323 Hot Gas Filters

McDermott Corporation, Lynchburg, Virginia, engineers use this same process technology to produce CFCC flanged closed-end porous tubes. These tubes perform as filters used to remove solids from gases. The solids may be either the desired product or a contaminant or a catalyst to be recovered and recycled. Their removal protects downstream equipment from erosion. Filters must withstand chemical corrodants, high-speed hard-particle impingement, long-term strength retention, pulse stress, vibration, fatigue, temperature, pressure, and high mechanical and thermal stresses. They must maintain low pressure drops and high flow rates to sustain production rates. Filter materials must not contaminate the product stream (Table 3.4).

Metals and monolithic ceramics have been the materials of choice. Metals tend to corrode and have temperature limitations. They also require cooling the gas stream prior to filtering, thereby decreasing efficiency, increasing costs and complexity by requiring gas dilution air scrubbers or heat exchangers. Monolithic

TABLE 3.4 CFCC Candle Filter Material Typical Properties

Construction: Nextel™ Ceramic Fibers in a silicon carbide matrix Continuous use temperature: 1204°C (2200°F) Maximum short-term temperature: 1315°C (2400°F) Coefficient of thermal expansion: 4.6 x 10-6/°C (2.5 x 10-6/°F)

ceramics are limited due to susceptibility to thermal stresses, mechanical shock, and damage during installation.

One specific application is filtering coal ash from coal gas. Coal gasification plants generate electricity from gas created by heating coal. The gas is fed, as fuel, to a turbine engine. The engine turns an electric generator.

Coal gasification plants are of interest since they offer certain advantages over traditional coal or natural-gas-fired utility plants. Gasification plants emit less carbon dioxide and oxides of nitrogen and cost less to operate.

The turbines require particle-free gas fuel for safety, cost, and meeting clean air regulations. Coal ash is filtered from the coal gas stream through the use of candle filters. These filters are porous, hollow tubes 1.5 m (59 in.) long. They are ganged into arrays as shown in Fig. 3.8.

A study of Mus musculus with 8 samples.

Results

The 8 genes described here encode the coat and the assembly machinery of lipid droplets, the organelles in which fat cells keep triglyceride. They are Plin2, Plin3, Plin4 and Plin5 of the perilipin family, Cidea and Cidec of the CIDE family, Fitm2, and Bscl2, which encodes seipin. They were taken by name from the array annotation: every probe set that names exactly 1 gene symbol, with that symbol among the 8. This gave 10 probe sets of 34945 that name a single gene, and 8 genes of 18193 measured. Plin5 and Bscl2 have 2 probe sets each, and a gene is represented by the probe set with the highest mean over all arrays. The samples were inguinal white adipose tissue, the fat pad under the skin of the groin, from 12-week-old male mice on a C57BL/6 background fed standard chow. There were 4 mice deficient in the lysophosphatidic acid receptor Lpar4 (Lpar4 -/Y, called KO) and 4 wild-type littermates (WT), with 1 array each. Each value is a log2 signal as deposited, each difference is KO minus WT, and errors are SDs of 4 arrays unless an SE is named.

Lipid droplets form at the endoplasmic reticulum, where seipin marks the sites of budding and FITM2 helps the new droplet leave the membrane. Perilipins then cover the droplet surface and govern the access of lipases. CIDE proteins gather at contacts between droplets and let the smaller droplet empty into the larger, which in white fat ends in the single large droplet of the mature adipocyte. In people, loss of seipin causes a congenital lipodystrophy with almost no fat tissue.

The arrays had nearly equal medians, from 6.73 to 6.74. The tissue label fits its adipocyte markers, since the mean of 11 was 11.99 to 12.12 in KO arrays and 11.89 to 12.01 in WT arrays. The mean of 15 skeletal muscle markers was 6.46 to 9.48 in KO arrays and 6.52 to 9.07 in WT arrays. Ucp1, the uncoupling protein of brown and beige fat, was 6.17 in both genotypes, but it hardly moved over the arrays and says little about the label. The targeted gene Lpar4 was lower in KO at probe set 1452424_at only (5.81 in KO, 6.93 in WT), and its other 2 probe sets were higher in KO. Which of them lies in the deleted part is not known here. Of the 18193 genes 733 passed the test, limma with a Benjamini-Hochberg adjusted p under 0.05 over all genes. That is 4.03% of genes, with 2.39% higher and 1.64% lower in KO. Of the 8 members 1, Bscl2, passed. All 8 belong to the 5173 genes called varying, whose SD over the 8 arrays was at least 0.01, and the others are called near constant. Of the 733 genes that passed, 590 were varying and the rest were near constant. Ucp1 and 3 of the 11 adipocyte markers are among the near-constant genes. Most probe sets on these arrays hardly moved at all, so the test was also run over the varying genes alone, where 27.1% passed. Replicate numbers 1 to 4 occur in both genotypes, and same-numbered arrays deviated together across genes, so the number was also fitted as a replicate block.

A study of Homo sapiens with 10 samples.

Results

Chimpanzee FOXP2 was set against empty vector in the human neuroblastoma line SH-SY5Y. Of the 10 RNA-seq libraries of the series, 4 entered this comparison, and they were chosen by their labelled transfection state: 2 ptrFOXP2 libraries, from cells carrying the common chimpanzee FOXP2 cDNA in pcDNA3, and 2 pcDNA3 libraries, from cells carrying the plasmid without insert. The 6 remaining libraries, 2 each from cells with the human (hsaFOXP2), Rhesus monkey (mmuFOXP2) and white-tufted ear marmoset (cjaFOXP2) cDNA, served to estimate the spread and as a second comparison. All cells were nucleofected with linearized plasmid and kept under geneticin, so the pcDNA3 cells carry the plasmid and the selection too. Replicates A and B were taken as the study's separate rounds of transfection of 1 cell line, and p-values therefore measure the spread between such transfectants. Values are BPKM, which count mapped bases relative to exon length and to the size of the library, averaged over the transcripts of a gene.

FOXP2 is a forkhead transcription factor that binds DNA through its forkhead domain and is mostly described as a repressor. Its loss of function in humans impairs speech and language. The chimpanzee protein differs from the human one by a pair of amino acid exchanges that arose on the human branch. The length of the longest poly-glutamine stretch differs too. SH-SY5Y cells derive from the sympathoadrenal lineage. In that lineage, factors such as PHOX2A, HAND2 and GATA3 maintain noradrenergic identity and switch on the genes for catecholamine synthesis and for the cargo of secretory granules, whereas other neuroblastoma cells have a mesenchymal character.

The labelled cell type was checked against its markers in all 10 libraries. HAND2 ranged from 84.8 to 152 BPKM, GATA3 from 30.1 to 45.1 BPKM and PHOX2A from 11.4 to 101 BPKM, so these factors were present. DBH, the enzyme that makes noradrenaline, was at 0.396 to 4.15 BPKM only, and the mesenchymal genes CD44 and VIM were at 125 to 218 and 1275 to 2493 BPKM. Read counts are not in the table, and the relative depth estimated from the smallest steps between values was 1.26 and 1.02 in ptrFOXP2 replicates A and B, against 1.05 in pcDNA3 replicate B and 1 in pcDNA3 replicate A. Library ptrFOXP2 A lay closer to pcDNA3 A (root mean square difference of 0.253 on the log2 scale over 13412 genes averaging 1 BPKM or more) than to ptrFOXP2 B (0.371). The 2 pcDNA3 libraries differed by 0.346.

Hot coal gas is pumped onto and through the filter leaving the coal ash on the outside. The clean gas passes through the open end of the tube and into the turbine. The coal ash accumulates until the system is occasionally back-pulsed, every 15 min at 90 psi gage, to drop the ash into collectors. The ash buildup can become so great that it bridges between tubes and creates a surprisingly high mechanical stress. The back-pulse is also a major physical shock on the filters.

Power plants in Karhula, Finland, and Wilsonville, Alabama, are evaluating CFCC hot-gas filtration systems. The Karhula plant has operated CFCC filters successfully for 580 h. The Wilsonville plant is operated by Southern Company Services. Its CFCC filters continue to operate successfully beyond 3000 h at 850°C (1800°F). The CFCC filters are resisting the corrosive coal ash, high temperatures, and both thermal and physical shocks.

CFCCs - Tough, Lightweight Gas Filters

FIGURE 3.8 Individual filters on left are ganged into assembly shown on right. Porosity is built into CFCC cylinder to filter fine solid particles from coal-derived gas prior to burning in turbine engine. Engine energy is converted to electricity. These filters are also useful for filtering other solids from other gas streams.

FIGURE 3.8 Individual filters on left are ganged into assembly shown on right. Porosity is built into CFCC cylinder to filter fine solid particles from coal-derived gas prior to burning in turbine engine. Engine energy is converted to electricity. These filters are also useful for filtering other solids from other gas streams.

Within other gaseous streams there is often a need to remove particulates before further processing. Conventional filtration materials and techniques either are inefficient or insufficiently rugged to survive in the process environment. Energy efficiency and throughput can be accomplished with CFCC filters that withstand both corrosive and high-temperature environments and mechanical and thermal stress. The proposed filtration concept cleans itself via back-pulsing, with apparent indefinite life.

A candle filter system offers two advantages over electrostatic systems that are coupled with liquid scrubbers. It eliminates the need to cool the stream saving energy, capital, and maintenance. Second, the filtered stream is available for heat recovery.

McDermott Corporation CFCC filters have a density of 0.8 g/cm3. The combined effect of lower weight and thinner walls enables a smaller, simpler supporting structure. CFCC hot-gas filters offer thermal stability, strength, resistance to thermal shock, resistance to fatigue, corrosion, erosion, and general inertness. Anticipated benefits include reduced downtime, increased throughput, reduced energy consumption, longer life, reduced emissions, increased product yield, increased efficiency, and reduced cost.